Budding entrepreneurs have been advised to comply with the relevant industry laws and regulations as well as meet their tax obligations in a timely and accurate manner, because this will ease their business operations.

Margaret Kisitu Nakato, the Co-founder of Afros and Mo, which offers hair care and beauty services, was giving the latest monthly virtual presentation of a Masterclass session, organised by the Stanbic Business Incubator Limited (SBIL) on Wednesday. The theme was Resigning from your job to start your business.

“When you join the entrepreneurship world, one of the things that will facilitate your growth is tax compliance. If you evade meeting your tax obligations, it will affect you negatively. Be compliant and if you do not know how to go about it, look out for a mentor to help you,” Nakato said.

SBIL, a subsidiary of Stanbic Uganda Holdings Limited, (SUHL), runs monthly Masterclass sessions with the objective of equipping entrepreneurs with various skills that can positively impact on their businesses.

Nakato, a former banker who resigned from her job over 10 years ago to venture into entrepreneurship, said most people fear starting up businesses because of uncertainties about the future. Of particular concern is financing the enterprise and meeting operational costs.

She said, “The fear of the unknown has kept very many people away from venturing into business start-ups.  Some people even fear to start because they are afraid they might fail. Failure is part of the learning process and you should embrace it and move on.”

“Whenever I shared my plans with my colleagues, some doubted me. However, when people doubt you, do not get discouraged. Do not let someone else’s fears determine your destiny,” Nakato said.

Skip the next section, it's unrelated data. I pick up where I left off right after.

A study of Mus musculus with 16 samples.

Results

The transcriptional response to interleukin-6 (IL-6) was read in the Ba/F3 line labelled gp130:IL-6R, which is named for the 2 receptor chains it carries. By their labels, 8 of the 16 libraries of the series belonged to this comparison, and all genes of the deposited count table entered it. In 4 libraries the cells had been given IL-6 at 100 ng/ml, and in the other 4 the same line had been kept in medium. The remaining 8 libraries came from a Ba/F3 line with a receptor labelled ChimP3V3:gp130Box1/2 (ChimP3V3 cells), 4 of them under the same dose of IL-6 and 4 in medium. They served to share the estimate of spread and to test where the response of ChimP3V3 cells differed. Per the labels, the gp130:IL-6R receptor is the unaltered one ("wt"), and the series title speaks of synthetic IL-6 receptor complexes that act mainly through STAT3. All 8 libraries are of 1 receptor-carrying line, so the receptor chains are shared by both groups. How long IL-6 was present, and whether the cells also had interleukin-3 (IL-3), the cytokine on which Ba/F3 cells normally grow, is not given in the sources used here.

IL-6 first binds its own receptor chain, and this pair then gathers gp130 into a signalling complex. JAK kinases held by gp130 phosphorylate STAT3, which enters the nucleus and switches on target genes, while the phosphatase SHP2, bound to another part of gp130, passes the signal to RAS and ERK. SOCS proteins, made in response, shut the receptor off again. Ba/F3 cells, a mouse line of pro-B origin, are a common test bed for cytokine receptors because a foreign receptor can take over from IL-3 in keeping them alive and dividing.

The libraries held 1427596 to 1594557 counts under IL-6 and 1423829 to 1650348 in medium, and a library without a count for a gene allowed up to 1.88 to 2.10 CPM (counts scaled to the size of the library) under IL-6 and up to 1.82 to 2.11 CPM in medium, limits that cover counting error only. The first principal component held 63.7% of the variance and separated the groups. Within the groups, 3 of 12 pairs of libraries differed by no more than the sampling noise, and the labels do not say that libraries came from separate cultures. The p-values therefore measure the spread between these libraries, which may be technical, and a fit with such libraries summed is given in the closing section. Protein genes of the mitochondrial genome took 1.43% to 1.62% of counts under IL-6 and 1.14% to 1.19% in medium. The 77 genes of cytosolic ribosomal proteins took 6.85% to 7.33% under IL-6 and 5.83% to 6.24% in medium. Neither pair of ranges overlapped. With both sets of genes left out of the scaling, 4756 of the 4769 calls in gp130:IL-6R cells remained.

Before quitting a job to start up a business venture, Nakato advised that one has to be strategic and plan for a transition period of at least two years. At the same time, she told budding entrepreneurs to work at building a clientele base and mastering business skills.

She said, “Most people have days when they go for leave. Use such days to practice what you would like to venture into. Get side hustles to improve your skills. Entrepreneurship is all about selling your idea to other people. You need to master the art of convincing people to buy into your project.”

Speaking on behalf of SBIL, Ritah Twikirize said, Masterclass sessions help entrepreneurs to navigate the challenges that hinder business growth. She said life experiences, as shared by Nakato, are timely because these provide encouragement to other people to explore their potential business ventures.

Responding to queries from the audience about sustainability, Nakato said people should go into start-ups with a passion and not just be driven by profitability. She also urged them to embrace supportive partnerships, while also upholding good character and financial discipline.

“Your character is very important because that is the first thing your client will buy into. Financial discipline is also key. What makes most people fail is failure to adhere to the principles. People who work with you will always be watching and if you compromise on principles, they will take advantage of the loopholes,” Nakato said.